The Bianconeri boss deserves praise for taking an already formidable Juventus side to the next level, writes Nick Valerio.
Three seasons at the helm, three league triumphs, three Coppa Italia trophies, two Champions League Finals. Max Allegri has once again set the standard amongst his peers, and, ominously for the likes of Maurizio Sarri and Vincenzo Montella, shows no sign of relenting, continuing to make a mockery of Milan’s decision to dismiss him in 2014.
Other worthy candidates include Sarri, Simone Inzaghi and Gian Piero Gasperini, but Allegri has the silverware, and a unique grit to compliment his abilities as a Coach.
At times this year, the Italian has made it look easy. Yes, the league table may show Roma four points adrift, but the truth of the matter is Juventus are a class above their rivals, and its Allegri who has been instrumental in guiding the powerful machine.
The Italian strives for excellence, and this is embodied through his team. Anything less than perfection and the Livorno native has made his voice heard. Take for instance Miralem Pjanic. The Bosnian has been a success following his move from the Giallorossi last summer, but his manager demanded more. Call it unfair, or genius, but since this public complaint, the midfielder has improved further. Allegri is a tough task master and his man-management had the desired effects, showing he knows how to get the best out of his players.
Elsewhere, if any member of the playing staff thought they were bigger than the collective, this has been spectacularly squashed. No one is safe, even if you are the best defender in Europe, in the case of Leonardo Bonucci. The ball playing centre-half and Allegri exchanged insults in February during the 4-1 win against Palermo, and Bonucci subsequently sat out the deciding leg of the last-16 showdown with Porto. There will only ever be one winner.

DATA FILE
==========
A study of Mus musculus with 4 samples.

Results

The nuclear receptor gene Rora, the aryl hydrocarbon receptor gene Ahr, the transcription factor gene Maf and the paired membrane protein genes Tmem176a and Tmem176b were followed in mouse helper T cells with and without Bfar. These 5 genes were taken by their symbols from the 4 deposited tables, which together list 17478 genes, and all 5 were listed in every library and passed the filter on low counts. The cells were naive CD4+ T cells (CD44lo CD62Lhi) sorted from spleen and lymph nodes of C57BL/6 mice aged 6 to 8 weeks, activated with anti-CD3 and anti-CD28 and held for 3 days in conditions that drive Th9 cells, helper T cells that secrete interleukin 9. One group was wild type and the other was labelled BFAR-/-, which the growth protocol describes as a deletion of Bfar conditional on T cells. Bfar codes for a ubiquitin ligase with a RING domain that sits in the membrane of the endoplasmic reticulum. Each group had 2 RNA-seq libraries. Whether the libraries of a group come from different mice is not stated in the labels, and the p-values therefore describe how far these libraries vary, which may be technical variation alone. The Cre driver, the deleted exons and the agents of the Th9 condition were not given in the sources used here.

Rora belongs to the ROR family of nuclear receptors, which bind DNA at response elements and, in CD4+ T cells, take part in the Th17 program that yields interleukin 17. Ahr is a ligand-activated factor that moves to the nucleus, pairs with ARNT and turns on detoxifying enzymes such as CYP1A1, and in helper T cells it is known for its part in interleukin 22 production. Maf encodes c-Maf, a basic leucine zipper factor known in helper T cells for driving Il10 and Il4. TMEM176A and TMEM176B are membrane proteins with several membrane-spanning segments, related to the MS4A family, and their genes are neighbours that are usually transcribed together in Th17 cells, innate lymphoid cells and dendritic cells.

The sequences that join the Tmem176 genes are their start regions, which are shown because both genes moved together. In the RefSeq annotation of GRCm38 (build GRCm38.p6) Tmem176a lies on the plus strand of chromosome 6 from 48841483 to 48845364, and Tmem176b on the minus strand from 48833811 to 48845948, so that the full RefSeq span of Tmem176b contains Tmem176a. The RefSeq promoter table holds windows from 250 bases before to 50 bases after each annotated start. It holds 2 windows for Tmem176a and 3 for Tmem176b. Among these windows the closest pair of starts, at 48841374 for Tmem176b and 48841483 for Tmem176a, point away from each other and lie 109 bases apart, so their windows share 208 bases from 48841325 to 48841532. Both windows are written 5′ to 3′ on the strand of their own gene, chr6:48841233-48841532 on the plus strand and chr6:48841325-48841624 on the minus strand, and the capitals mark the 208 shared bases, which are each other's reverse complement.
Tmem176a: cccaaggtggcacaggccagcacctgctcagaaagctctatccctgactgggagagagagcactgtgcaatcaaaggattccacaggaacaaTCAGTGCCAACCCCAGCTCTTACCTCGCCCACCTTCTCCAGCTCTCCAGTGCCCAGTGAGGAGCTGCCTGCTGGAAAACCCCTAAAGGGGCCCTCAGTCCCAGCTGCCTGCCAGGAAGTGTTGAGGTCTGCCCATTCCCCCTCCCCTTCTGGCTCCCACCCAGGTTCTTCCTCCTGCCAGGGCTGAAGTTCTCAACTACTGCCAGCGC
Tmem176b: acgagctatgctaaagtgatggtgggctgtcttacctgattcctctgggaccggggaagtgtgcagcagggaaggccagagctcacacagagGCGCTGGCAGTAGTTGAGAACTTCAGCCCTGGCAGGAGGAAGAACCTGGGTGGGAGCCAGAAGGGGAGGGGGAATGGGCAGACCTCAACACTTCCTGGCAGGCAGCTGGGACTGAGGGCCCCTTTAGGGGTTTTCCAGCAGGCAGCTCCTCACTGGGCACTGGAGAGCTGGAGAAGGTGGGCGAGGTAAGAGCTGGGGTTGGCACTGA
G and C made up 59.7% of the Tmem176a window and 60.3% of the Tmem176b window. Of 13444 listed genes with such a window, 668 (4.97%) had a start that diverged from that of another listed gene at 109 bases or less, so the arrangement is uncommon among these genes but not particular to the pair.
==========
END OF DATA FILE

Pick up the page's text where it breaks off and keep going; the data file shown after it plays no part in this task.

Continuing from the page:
Allegri is not to be underestimated, and the decision to omit a club icon should be a lesson to everyone. Indeed, the tactician took a risk in dropping Bonucci, but his stance was admirable, making his stewardship stand out to other top managers who would choose to settle the matter in private.
The Bianconeri Coach has also handled his squad perfectly, an underrated skill, particularly when there is an array of stars available beyond the first XI. There have been no murmurs of discontent in the ranks and everyone has been made to feel important, contributing at one stage or another this season. Kwadwo Asamoah and Stephan Lichtsteiner have played 17 and 25 league games respectively.
Certainly the most notable difference in comparison to the previous two title-winning seasons is the introduction of a new formation. It would have been considerably easier to continue with the tried and tested 3-5-2 formula which has proven so successful, but Allegri was brave and bold, opting for a 4-2-3-1 line-up in late January, and the defeat to Fiorentina was the catalyst. He had all this attacking talent at his disposal, so why not use it simultaneously? It was the shock and awe approach.
The other masterstroke played by Allegri was the introduction of burly hitman Mario Mandzukic on the left wing. It has been nothing short of inspired from the Bianconeri boss, to not only imagine the idea, but to execute it, and the Croatian’s commitment to the role is testament to both player and Coach. Juventus as one continue to raise the bar, year upon year.